Jewish World Review Jan. 10, 2002 / 26 Teves, 5762

Paul Greenberg


Can this be a surprise to any newspaperman past a certain age? There was a time when I turned to the sports section first, then the front page. Now the sports pages are an afterthought, and the obits a must. Age tends to change one's interests.

The first sign that a newspaper is losing touch with its readers is when the obituaries are treated like a routine chore, instead of an opportunity to sum up a life. One way in which The New York Times has remained a great paper, one in touch with its community, is its obituary section, which has remained immune to the faddishness that trivialized its political and cultural coverage.

The Times' decision to publish an obit and picture of every one of those lost in the destruction of the World Trade Center has brought it back to reality. And to its readers. Endings lend perspective, and the obits teach in a way no beginning can. Maybe that's why a Talmudic sage said it was better to visit a house of mourning than a house of joy.

I spent a weekend not long ago with the dead. Do not be alarmed. My round trip by air was, to use the best of all possible words in this post-Sept. 11th world, uneventful.

I had flown up to Chicago for an old-fashioned Jewish wedding, the kind that goes on nonstop for a couple of days. The bride was a kissin' cousin twice removed, which is quite close in our overextended but never distant family.

All of us cousins, aunts, uncles, brothers and sisters spoke of those who were there only in spirit. There were moments when their presence was pervasive. We compared notes, and sure enough we all dreamed of them, especially the patriarch and matriarch of the whole, prolific clan.

I used to dream of a grandmother on the other side of the family, but it was more than a dream. It was a kind of vision. She would appear at the foot of the bed, or in the bedroom door, saying nothing, standing there, as if she were just checking on me, the way she did when I was a child. It was strange, not like a dream at all, but a presence. It was puzzling, but comforting.

Years ago I mentioned my vision to a psychoanalyst friend. One of her first questions was: Did you go to your grandmother's funeral? Why, no, I didn't. I was away in the Army at the time. That explains it, she said.

My grandmother hasn't been back since. I miss her. I never should have told anybody. Science has a way of dispelling magic.

I picked up a copy of The New York Times while away, and of course turned first to the obits. Two of them struck me as similar:

One was an obituary for Juan Valdez (1959-2001). You remember him -- the coffee farmer from the Andes, with his poncho slung over his shoulder and his trusty mule by his side. He not only sold a lot of Colombian coffee, but gave Colombia another image besides that of cocaine capital of the world and home of South America's longest-running guerrilla war.

This fictional coffee farmer was one of American advertising's most successful creations, right up there, or maybe down there, with Mr. Whipple and the Pillsbury Doughboy. His obit said Juan Valdez's logo was better known around the world than even Nike and Michelin.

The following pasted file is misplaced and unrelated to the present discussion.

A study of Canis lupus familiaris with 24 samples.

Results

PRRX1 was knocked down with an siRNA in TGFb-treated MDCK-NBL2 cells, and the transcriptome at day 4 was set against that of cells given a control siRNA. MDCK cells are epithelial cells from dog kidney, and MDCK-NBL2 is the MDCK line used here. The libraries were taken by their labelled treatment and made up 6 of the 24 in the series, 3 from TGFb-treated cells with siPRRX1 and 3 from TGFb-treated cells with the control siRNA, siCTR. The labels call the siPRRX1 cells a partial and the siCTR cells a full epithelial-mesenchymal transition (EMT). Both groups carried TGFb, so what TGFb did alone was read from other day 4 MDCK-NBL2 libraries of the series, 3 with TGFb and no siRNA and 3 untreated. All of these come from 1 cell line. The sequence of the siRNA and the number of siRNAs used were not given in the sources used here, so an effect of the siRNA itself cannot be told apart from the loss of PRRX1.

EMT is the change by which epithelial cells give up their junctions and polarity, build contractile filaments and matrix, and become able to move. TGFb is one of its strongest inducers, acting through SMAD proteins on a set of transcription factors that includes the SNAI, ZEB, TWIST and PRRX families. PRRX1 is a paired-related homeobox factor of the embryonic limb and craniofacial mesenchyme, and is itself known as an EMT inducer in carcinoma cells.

Juan Valdez hasn't died, since he never actually lived. But like other victims of this recession, he's been let go. With coffee prices lower than they've been in 30 years, Colombia's national federation of coffee growers can no longer afford to spend $16 million a year on its icon. The actor who played him with inexhaustible patience since 1969, Carlos Sanchez, will still make occasional appearances, but the big time is over for poor Juan.

The other revealing obituary was that of Maria Grazia Cutuli, a photogenic Italian correspondent who was one of four foreign journalists killed in Afghanistan when their convoy was ambushed. In death she briefly became a Princess Di figure. A school was named after her in Rome, and there will be a Maria Grazia Cutuli memorial newsroom in Milan. When he heard she'd been killed, the president of the republic expressed his "overwhelmingly deep grief.'' It all made for an Evita kind of moment, as the nation tried to get its grief just right.

The newspaper she'd worked for, Corriera della Sera, named her "Italy's first casualty in this war,'' and started running different photographs of the lady every day, 18 at last count and all of them fetching.

The 39-year-old Sra. Cutuli actually had a deskbound job at the paper and used her vacations to free-lance abroad. But now she's been posthumously promoted to Special Correspondent.

"Only now has Corriera della Sera finally discovered Maria Grazia,'' a friend of hers observed wryly. She'd smile at all the funereal fuss, said the friend, remembering Maria Grazia's ironic sense of humor, "but with a small, bitter smile.''

What could Juan Valdez and the woman that Corriera della Sera is now depicting as its own esteemed correspondent have in common?

They were both fictions.

Yes, obituaries can be the most revealing part of the paper, sometimes unintentionally.